Bladder Cancer

A bladder tumor is when abnormal cells grow on or through the bladder wall. These tumors can be benign (noncancerous) or malignant (cancerous).

Typically, early bladder cancer has few symptoms. The most common symptom is hematuria (blood in your urine that may be only visible by microscope). Other possible symptoms include:

  • Abdominal or pelvic pain
  • Fatigue
  • Painful urination
  • Urinary frequency and/or urgency
  • Urine leakage (incontinence)
  • Weight loss

All these symptoms may be related to other medical diagnoses as well, so visit your doctor if you have any of these symptoms.

Most people diagnosed with bladder cancer are more than 70 years old. More than nine out of ten Americans with bladder cancer have a type called transitional cell cancer (TCC). This cancer begins in the innermost tissue layers of the bladder. The cancer cells can stretch and shrink when the bladder is full or empty. It can also be called Urothelial Carcinoma.

Available treatments at Memorial

The treatment of bladder cancer depends on the grade and stage of the cancer cells. You will have tests and may have a biopsy. Your provider will recommend the best treatment plan for you after he or she reviews your results and looks at your medical history.

Intravesical Therapy

This treatment is given for superficial bladder cancers once a week for six weeks. A liquid that contains weakened bacteria called BCG (Bacillus Calmette-Guérin) is instilled into the bladder by a urethral catheter. This bacteria helps the body’s natural defenses kill the cancer cells in the bladder and prevents them from coming back.

Bladder chemotherapy can be administered directly into the bladder by a urethral catheter. This works directly on the tissues to kill the cancer cells.


Surgery is an option for most people with bladder cancer. Below is a listing of surgical treatments per the National Cancer Institute with details about each of them.

Transurethral Resection (TUR)

The doctor uses a cystoscope to treat early bladder cancer (Stage 0 or Stage 1). No cut into your body is needed, but general anesthesia is usually given. The doctor inserts the cystoscope into the bladder through your urethra. The cutting tool is slipped through the cystoscope. A small wire loop at the end of the tool removes the cancer and burns away remaining cancer cells with an electric current.

TUR may need to be repeated. Also, bladder-instilled chemotherapy or biological therapy may be given after this type of surgery. For a few days after TUR, you may have some blood in your urine and difficulty or pain when passing urine. Otherwise, TUR generally causes few problems.

Open surgery

The surgeon makes an incision into your body to remove the cancer from your bladder.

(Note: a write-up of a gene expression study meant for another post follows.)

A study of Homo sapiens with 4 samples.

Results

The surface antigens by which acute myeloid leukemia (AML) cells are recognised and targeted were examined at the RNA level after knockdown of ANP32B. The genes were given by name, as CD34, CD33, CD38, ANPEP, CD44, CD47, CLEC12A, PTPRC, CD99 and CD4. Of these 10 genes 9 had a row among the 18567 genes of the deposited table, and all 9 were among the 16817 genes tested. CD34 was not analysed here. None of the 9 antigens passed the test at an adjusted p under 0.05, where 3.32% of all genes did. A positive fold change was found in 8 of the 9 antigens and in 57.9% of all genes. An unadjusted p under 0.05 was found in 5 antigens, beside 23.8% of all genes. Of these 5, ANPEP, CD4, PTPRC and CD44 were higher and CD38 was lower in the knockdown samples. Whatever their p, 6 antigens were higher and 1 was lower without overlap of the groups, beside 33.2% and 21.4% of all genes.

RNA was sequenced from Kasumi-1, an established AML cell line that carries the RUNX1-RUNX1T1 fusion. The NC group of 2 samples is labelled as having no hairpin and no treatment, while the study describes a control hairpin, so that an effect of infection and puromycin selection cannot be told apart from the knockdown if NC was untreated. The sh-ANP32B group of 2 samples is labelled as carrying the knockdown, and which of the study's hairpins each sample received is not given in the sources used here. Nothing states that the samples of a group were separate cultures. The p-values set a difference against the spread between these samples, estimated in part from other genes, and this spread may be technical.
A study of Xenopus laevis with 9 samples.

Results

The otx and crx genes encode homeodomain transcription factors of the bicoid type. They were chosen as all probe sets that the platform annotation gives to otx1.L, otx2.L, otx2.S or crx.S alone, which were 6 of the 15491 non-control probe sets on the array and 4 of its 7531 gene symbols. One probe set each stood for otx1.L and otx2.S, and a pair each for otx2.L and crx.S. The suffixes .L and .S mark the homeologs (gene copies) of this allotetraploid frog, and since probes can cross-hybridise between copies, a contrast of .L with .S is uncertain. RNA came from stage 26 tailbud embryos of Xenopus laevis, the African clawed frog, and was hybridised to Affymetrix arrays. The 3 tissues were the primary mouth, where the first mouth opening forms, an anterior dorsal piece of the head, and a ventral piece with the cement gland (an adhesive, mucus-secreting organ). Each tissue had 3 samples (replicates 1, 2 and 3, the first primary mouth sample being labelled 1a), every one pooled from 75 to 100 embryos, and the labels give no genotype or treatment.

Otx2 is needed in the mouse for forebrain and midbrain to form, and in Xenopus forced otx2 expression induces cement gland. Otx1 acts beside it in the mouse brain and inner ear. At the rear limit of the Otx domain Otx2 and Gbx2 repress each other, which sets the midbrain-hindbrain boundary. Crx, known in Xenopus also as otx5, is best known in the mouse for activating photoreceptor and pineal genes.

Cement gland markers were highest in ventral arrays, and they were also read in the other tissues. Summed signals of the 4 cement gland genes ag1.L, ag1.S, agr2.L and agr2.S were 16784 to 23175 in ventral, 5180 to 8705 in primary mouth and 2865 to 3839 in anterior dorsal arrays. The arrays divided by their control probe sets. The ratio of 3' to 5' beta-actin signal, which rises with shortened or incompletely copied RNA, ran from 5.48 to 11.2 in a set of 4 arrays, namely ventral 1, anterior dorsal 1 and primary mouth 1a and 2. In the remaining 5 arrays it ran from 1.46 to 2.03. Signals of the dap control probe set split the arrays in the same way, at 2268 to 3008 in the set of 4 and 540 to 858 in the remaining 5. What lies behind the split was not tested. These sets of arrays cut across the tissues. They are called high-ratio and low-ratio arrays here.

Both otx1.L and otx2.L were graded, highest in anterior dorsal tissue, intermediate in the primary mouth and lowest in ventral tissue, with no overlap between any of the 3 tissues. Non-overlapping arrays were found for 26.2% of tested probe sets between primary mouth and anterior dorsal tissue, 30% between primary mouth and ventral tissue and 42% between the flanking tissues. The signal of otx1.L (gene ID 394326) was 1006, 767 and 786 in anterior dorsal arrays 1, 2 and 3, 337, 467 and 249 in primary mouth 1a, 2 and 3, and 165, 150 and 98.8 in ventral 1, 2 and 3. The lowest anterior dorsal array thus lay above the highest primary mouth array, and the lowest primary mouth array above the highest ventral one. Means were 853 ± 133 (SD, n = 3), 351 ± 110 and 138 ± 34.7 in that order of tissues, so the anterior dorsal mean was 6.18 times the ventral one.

Part of the bladder (called a partial cystectomy)

For some people with a single, small tumor in the bladder, the surgeon does not remove the entire bladder. The surgeon removes the tumor, the part of the bladder containing the tumor, and nearby lymph nodes. After part of the bladder is removed, you may not be able to hold as much urine in your bladder as before surgery. You may need to empty your bladder more often. This problem usually gets better with time.

All of the bladder (called a radical cystectomy)

For bladder cancer that has invaded the muscle layer (Stage 2 or some Stage 3), the most common type of surgery is radical cystectomy. The surgeon removes the entire bladder, nearby lymph nodes, and part of the urethra.

In addition, the surgeon usually removes the prostate from a man and may remove the uterus and ovaries from a woman. Other nearby tissues may also be removed. When the entire bladder is removed, the surgeon makes another way for urine to be collected from the kidneys and stored. You may wear a flat bag outside the body under your clothes, or the surgeon may use part of your intestine to create a pouch inside the body. Another option is a neo-bladder, or portion of your intestine that is reconfigured to create a new bladder that is reattached to your ureters and urethra in an attempt to restore a more normal urinary function. 

Robot-assisted Laparoscopic Cystectomy

This procedure spares vital nerves and muscle tissue. An alternative way for urine to be collected from the kidneys is created. Learn about robot-assisted laparoscopic cystectomy.

Radiation Therapy

Radiation Therapy can sometimes be used with intravenous chemotherapy in patients with invasive cancer. It uses high-energy beams to shrink or kill the cancer cells. Internal or external radiation or a combination may be used to treat the cancer cells. Learn more about radiation therapy at the Regional Cancer Center at Memorial.


Chemotherapy is where one or more drugs kill the cancer cells, either through injection into the urethra and bladder (intravesical) or by absorption into the blood by taking a pill or having it delivered into a vein (intravenous). Intravenous is usually used to prepare for surgery, or when the cancer has spread beyond the bladder.